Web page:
Original article / research
Clinical Profile of Malaria in and around Hubballi-Dharwad: A Region of North Karnataka
Dr. Vidyavathi B Chitharagi,
Assistant Professor, Department of Microbiology,
JSS Medical College, Mysuru-570015, Karnataka, India.
Introduction: Malaria is an endemic vector borne parasitic infection. Plasmodium vivax has been associated with severe malaria while P. falciparum is traditionally associated with severe course. Of late, P. vivax is increasingly reported to cause severe and life threatening disease. However, majority of P. vivax are sensitive to antimalarials and therefore, it is important to speculate this pathogen.
Aim: To study the clinical profile of confirmed malaria cases.
Materials and Methods: This prospective study was undertaken at SDM College of Medical Sciences and Hospital, Dharwad, Karnataka, India, between the period of 2010 to 2012 for the duration of two years. A total of 124 clinically suspected malaria cases aged from 8 years to 65 years were included in the study. Laboratory identification was done by Quantitative Buffy Coat (QBC). A comparative analysis of clinical presentations in 62 QBC positive samples and an equal number of age and sex matched QBC negative was done.
Results: Out of 62 QBC positive samples, Plasmodium vivax was seen in 40/62 (64.52%) patients while P. falciparum in 10/40 (16.13%) cases. Mixed infection by P. vivax and P. falciparum was seen in 12/40 (19.35%) cases. Fever, chills and headache were common symptoms. Pallor was seen in 23/40 (37.1%) cases and icterus, splenomegaly and vomiting were seen in 14/62 (22.6%) cases followed by hepatosplenomegaly in 11 (17.7%) cases. Among QBC negative controls, fever (100%), chills 51/62 (82.3%), rigors 21/62 (33.9%) and pain abdomen 15/62 (24.2 %) were the common symptoms. Pallor and hepatomegaly was seen in 19.4 % and 11.3% respectively among the QBC negatives. Ten out of 11 (90.9%) of females and 37/51 (72.5%) of males suffering from malaria had anaemia. Thrombocytopenia was seen in 59/62 (95.2%) cases of which 33 cases had moderate thrombocytopenia (53.2%) while 17 cases had severe thrombocytopenia. In QBC negative controls, severe thrombocytopenia was noted in 4 (6.5%) samples, mild and moderate thrombocytopenia was seen in 14 and 16 (22.5 and 25.8%) patients respectively. About 94% cases recovered completely. One patient suffering from P. vivax succumbed to the infection.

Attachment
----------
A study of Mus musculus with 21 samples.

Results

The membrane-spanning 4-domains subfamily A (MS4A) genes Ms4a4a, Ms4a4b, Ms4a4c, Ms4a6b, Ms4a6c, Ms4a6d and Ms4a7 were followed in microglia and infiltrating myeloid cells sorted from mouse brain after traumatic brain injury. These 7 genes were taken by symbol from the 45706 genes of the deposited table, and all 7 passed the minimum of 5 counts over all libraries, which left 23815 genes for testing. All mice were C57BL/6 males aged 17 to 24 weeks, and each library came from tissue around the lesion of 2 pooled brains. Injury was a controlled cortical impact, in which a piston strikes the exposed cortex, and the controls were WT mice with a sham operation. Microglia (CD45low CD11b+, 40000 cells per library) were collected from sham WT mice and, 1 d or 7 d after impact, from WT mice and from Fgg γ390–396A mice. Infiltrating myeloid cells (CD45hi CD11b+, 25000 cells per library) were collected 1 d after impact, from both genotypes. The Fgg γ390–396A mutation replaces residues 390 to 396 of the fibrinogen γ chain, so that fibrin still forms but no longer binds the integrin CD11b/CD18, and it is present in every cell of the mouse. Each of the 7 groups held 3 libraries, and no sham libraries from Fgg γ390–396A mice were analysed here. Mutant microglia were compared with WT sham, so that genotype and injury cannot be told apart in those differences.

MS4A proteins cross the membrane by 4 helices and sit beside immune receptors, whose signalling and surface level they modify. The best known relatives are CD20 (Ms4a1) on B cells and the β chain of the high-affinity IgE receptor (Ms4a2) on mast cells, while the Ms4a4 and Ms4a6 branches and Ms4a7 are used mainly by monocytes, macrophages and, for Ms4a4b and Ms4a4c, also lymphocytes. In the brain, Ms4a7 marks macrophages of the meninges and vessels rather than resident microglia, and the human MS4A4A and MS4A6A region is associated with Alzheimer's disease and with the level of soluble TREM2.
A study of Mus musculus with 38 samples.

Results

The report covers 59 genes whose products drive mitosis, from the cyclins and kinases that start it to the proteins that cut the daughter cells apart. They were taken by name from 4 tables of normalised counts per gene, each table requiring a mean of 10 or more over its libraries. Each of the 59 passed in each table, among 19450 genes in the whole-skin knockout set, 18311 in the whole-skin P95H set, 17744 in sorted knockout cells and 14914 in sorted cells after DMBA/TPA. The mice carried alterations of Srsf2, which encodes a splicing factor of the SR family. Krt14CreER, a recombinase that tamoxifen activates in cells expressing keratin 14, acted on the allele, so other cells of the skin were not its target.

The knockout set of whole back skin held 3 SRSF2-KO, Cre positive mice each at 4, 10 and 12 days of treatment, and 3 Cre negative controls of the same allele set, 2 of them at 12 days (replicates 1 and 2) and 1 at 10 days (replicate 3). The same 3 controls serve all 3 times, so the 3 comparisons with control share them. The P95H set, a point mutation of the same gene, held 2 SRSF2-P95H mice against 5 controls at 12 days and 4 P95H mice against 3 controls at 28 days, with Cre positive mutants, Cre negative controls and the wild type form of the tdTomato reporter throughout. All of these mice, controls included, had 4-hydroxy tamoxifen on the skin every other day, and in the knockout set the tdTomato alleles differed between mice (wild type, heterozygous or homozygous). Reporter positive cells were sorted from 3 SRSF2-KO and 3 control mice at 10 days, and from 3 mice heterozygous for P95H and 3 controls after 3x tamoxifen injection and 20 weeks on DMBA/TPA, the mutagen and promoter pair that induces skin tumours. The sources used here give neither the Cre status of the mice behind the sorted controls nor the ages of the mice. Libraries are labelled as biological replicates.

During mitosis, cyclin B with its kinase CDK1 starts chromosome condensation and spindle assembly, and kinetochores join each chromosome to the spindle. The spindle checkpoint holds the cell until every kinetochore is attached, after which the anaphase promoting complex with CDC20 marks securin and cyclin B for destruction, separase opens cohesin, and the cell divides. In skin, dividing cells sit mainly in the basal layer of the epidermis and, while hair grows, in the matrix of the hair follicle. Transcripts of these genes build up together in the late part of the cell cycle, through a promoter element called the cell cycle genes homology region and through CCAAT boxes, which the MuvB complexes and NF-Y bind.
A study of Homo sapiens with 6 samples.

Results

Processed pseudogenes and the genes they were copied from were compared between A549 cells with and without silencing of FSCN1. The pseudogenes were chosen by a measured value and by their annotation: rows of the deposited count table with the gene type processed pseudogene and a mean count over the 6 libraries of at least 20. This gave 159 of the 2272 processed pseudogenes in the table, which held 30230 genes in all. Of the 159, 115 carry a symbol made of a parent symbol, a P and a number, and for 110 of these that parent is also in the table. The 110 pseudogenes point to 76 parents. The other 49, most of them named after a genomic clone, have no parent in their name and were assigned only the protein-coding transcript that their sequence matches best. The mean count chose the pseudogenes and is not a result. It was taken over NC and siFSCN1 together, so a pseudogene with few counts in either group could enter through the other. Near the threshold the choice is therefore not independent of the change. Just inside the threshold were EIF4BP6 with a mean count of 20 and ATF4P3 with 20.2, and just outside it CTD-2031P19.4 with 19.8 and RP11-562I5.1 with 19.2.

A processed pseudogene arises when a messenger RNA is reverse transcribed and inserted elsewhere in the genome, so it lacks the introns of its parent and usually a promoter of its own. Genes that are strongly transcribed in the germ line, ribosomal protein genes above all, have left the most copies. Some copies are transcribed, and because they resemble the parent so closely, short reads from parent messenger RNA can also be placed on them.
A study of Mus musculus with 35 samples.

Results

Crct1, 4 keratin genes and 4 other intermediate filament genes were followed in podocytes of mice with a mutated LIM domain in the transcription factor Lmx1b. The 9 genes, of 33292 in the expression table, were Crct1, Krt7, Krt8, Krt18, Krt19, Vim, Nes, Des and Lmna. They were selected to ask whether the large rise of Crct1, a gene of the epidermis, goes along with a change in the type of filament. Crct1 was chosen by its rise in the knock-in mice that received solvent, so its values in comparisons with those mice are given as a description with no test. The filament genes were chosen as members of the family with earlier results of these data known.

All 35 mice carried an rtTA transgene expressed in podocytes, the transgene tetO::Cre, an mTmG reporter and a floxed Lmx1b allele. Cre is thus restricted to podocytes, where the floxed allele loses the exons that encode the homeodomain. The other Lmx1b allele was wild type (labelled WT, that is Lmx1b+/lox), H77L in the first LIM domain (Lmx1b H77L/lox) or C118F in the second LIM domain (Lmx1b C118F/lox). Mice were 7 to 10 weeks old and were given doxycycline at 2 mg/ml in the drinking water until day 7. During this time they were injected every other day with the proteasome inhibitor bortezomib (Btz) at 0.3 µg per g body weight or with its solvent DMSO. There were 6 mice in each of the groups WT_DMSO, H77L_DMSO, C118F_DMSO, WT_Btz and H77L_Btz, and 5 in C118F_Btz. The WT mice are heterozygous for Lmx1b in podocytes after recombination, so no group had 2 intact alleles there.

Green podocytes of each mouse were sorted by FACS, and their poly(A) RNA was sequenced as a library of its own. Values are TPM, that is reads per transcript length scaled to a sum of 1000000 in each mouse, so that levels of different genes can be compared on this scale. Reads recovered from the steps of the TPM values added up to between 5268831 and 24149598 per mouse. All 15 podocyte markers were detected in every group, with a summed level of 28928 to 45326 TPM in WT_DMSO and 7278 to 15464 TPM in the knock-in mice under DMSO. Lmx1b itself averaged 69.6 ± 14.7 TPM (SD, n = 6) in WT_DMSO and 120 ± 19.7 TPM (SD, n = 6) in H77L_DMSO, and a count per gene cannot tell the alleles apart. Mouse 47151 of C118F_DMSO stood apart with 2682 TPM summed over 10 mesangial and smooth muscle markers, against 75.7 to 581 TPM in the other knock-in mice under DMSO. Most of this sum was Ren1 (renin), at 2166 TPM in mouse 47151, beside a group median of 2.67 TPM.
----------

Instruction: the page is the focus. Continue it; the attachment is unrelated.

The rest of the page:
Conclusion: Plasmodium vivax, traditionally thought to cause benign malaria can also produce life threatening complications similar to falciparum malaria. Early recognition of signs and symptoms of severe malaria and laboratory confirmation of species is most important in management of this condition.